By Fareed Zakaria, CNN
Guess which author has a top-selling book around here; everyone seems to want a copy. The Supreme Leader has a new book out with the catchy title, 'Movement of Science Production', but I gather sales for that are only lukewarm. The top-selling author isn't President Ahmadinejad, who I recently interviewed. In fact, it's not any Iranian at all. Instead, it's a Colombian - Nobel Laureate Gabriel García Márquez. He hasn't published a book in years. But back in 1996 he wrote News of a Kidnapping.
You won't find it on bookstore shelves here in Iran - they're all sold out. Rumors have floated for weeks that the book has been banned. But any ban that might have been in place was lifted earlier this week. We had a hard time finding a copy for ourselves. What in the world is going on?
Mir Hossein Moussavi is an opposition leader here; he ran against President Ahmadinejad in 2009 and led the Green Movement protests after the election. But he's been under house arrest since February. In a recent meeting with his daughters, he compared his detention to Márquez's account of abductions by a drug cartel in Colombia. Moussavi's word spread. And just like that, News of a Kidnapping went viral.
But what does this say about Iran and the aspirations of the Iranian people? Their plight is best evidenced by a U.N. report out this week on human rights in Iran. It shows how Tehran has mastered the art of suppressing dissent. Hundreds of activists, journalists and students have been imprisoned for taking part in street demonstrations since the 2009 Green Movement. More than 200 executions have been officially announced this year. Barring China, no other country metes out the death penalty more often.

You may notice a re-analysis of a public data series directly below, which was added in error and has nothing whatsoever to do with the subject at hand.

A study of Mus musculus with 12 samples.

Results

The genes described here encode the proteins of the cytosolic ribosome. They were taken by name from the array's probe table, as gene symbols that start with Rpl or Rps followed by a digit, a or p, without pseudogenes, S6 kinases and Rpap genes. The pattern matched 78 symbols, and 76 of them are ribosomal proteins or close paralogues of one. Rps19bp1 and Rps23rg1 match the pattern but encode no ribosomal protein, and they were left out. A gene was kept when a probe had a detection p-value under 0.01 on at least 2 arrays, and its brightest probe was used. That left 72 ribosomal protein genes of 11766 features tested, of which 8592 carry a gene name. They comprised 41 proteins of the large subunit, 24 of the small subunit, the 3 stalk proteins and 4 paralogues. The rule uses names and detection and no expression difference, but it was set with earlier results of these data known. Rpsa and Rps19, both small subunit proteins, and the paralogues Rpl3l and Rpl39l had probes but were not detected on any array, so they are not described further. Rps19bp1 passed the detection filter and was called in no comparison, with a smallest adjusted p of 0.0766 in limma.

So why aren't we seeing any pushback? After all, it's the year of the Arab Spring. Where are Iran's famous protesters?
One answer could be that the Iranian regime has really learned its lesson from 2009 - now it crushes the first signs of dissent. It's also learned from watching the Arab Spring - it won't let hundreds of people gather in public places.
But the likes of Libya and Syria tried that too. What's different here is that Iranians are not Arabs. Many don't like the phrase "Arab Revolutions." You see, the word "revolution" here in Tehran brings back memories of 1979, the year the Shah was overthrown. It was the time when Iranians felt like they could re-create their country. It was an Iranian Spring. It was their revolution.
32 years on, what happened? They're a great civilization with a political system that seems to have failed its people. They arouse suspicion in the region and around the world. They're subject to the most stringent international sanctions. Internally, clearly there is suppression and discontent.
And even if Iranians were to revolt once more - what is it they want instead? They are wary of another revolution. What is the alternative? And will it be any better? It's a question that's much more complicated here than it is in the rest of the region. There's isn't a simple answer.
The one lesson I have learned from watching countries like Iran that are distant, complex and often closed to outsiders is to be careful in drawing grand conclusions about the regime, its stability and its prospects. Clearly some Iranians support this regime for reasons of religious loyalty and belief and because they get tangible material rewards from it. Others fear it. And still others are waiting for the opportunity to reform or even replace it. The people who can read Márquez obviously do not make for a majority - but they are surely a sign of a county where people are gasping for freedom.